UPDATE: Jan. 28, 2020: McDonald's added Chicken McGriddles and McChicken Biscuits to its breakfast menu for a limited time while supplies last, according to a press release. They will be available at participating restaurants.
- McDonald's is planning to bring chicken to its breakfast menu nationwide in January, Business Insider reports.
- The QSR currently offers chicken items for breakfast at about half of its U.S. locations.
- McDonald's did not disclose what the breakfast chicken item will be in documents obtained by Business Insider or when the publication requested a comment.
The battle for breakfast and the chicken sandwich wars is colliding. This no doubt reflects Chick-fil-A's growing influence over the fast food market, with Wendy's planning to launch a honey butter chicken sandwich as part of its new breakfast menu in 2020.
With Popeyes' chicken sandwich now a permanent menu item despite operational challenges, chicken competition in the QSR space will be at an all-time high. Following the launch of the menu item, Popeyes' daily traffic spiked 218% and held strong even after the sandwich sold out.
The hype surrounding the product benefited other chicken chains, as well — KFC, Chick-fil-A and Zaxby's all experienced traffic boosts in the weeks following the Popeyes sandwich launch. All four restaurants had 9.8 million visitors during the weekend the Popeyes sandwich sold out.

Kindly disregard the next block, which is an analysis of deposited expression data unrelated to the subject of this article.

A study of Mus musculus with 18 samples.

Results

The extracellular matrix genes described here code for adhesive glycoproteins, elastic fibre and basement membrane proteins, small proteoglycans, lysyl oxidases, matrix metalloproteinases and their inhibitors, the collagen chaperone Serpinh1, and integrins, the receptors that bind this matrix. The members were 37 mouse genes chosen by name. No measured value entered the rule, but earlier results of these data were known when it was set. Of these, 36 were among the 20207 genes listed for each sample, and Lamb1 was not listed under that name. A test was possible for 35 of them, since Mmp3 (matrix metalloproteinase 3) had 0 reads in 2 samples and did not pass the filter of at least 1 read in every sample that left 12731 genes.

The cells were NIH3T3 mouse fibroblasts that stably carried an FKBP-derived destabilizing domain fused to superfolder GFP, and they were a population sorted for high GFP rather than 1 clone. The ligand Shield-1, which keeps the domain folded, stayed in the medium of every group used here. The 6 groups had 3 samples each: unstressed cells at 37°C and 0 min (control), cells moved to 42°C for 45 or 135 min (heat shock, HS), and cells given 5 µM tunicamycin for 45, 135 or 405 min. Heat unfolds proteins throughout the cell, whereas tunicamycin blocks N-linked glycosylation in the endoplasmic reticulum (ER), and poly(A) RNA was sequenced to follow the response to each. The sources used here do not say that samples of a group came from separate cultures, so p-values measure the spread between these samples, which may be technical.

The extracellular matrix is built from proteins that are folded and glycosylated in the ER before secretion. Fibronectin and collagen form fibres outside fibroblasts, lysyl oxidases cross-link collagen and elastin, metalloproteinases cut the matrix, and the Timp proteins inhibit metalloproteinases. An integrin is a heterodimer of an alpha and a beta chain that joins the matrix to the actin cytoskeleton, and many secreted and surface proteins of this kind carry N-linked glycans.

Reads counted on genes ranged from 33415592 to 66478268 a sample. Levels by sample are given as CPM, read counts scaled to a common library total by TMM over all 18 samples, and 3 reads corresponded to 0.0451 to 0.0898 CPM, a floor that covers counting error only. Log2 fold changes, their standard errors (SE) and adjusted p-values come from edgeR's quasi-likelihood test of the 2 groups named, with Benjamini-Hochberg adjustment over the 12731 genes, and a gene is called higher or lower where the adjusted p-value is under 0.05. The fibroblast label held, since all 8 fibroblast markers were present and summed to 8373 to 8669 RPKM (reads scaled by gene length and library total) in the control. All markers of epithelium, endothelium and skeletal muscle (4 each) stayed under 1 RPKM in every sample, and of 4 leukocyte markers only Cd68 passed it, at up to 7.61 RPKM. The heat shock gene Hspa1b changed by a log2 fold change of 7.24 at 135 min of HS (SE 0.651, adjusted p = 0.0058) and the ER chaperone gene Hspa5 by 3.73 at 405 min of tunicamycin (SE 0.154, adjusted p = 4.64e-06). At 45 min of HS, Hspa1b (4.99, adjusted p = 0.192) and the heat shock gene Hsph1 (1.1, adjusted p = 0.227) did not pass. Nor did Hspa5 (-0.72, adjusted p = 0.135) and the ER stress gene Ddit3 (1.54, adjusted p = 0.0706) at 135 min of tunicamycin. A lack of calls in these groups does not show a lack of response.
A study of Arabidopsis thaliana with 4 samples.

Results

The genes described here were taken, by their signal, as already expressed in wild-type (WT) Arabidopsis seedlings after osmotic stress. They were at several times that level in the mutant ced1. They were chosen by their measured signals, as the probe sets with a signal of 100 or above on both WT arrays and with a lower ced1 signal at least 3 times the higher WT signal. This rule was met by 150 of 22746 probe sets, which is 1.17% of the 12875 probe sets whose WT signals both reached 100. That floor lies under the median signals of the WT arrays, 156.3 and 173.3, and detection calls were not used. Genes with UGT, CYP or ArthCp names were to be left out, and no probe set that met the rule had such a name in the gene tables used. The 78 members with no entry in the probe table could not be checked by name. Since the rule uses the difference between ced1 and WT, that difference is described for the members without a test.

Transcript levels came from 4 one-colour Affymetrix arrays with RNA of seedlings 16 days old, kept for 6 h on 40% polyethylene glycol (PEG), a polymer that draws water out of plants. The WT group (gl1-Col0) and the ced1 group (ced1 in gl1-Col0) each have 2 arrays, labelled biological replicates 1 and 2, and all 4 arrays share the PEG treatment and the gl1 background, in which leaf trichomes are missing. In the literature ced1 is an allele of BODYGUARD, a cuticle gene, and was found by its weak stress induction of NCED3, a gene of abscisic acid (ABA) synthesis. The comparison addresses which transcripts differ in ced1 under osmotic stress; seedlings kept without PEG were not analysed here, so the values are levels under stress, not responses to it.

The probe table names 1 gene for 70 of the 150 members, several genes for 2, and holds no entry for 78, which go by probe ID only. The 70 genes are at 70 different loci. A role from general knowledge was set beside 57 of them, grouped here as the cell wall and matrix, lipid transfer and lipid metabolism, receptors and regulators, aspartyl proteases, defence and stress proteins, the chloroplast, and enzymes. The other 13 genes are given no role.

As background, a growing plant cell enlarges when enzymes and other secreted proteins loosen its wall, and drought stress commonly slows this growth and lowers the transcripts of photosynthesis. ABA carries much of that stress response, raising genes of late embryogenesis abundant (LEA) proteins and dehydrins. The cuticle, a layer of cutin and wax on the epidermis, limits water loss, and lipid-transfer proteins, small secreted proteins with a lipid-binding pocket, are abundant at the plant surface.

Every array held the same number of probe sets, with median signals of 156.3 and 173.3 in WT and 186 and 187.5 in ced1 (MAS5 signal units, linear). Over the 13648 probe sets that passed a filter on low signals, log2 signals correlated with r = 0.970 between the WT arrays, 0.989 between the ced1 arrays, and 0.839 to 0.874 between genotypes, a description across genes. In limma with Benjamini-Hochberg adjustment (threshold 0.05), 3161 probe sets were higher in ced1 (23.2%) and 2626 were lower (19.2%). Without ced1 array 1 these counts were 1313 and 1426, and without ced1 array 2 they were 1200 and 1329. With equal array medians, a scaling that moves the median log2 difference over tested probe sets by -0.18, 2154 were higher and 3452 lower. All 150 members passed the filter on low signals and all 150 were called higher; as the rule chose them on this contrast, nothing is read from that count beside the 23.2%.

In December, McDonald's tested two chicken sandwiches in Houston and Knoxville, Tennessee. The company's franchisees have also urged corporate to create a chicken sandwich that can compete with Chick-fil-A's menu offerings. While the new breakfast offerings mirror Chick-fil-A's breakfast sandwich, it won't be easy to match the fervor surrounding Chick-fil-A's brand.
Diners feel more brand intimacy toward the chain than any other fast food company, and its rapid growth secured it the No. 3 spot of the top U.S. restaurant chains this year, according to Nation's Restaurant News.
Still, McDonald's and Wendy's new chicken products could leverage the American diner's growing interest in chicken and spark more interest around the chains. The question is for how long. It's unclear whether the chicken sandwich wars mark a permanent shift toward poultry at QSR, or if it will be a flash in the pan. If these new products do erode some of Chick-fil-A's market share, there may be new opportunities for non-chicken chains to drive fresh growth. The ongoing performance of Popeyes' sandwich could serve as a litmus test for the strength of diner demand.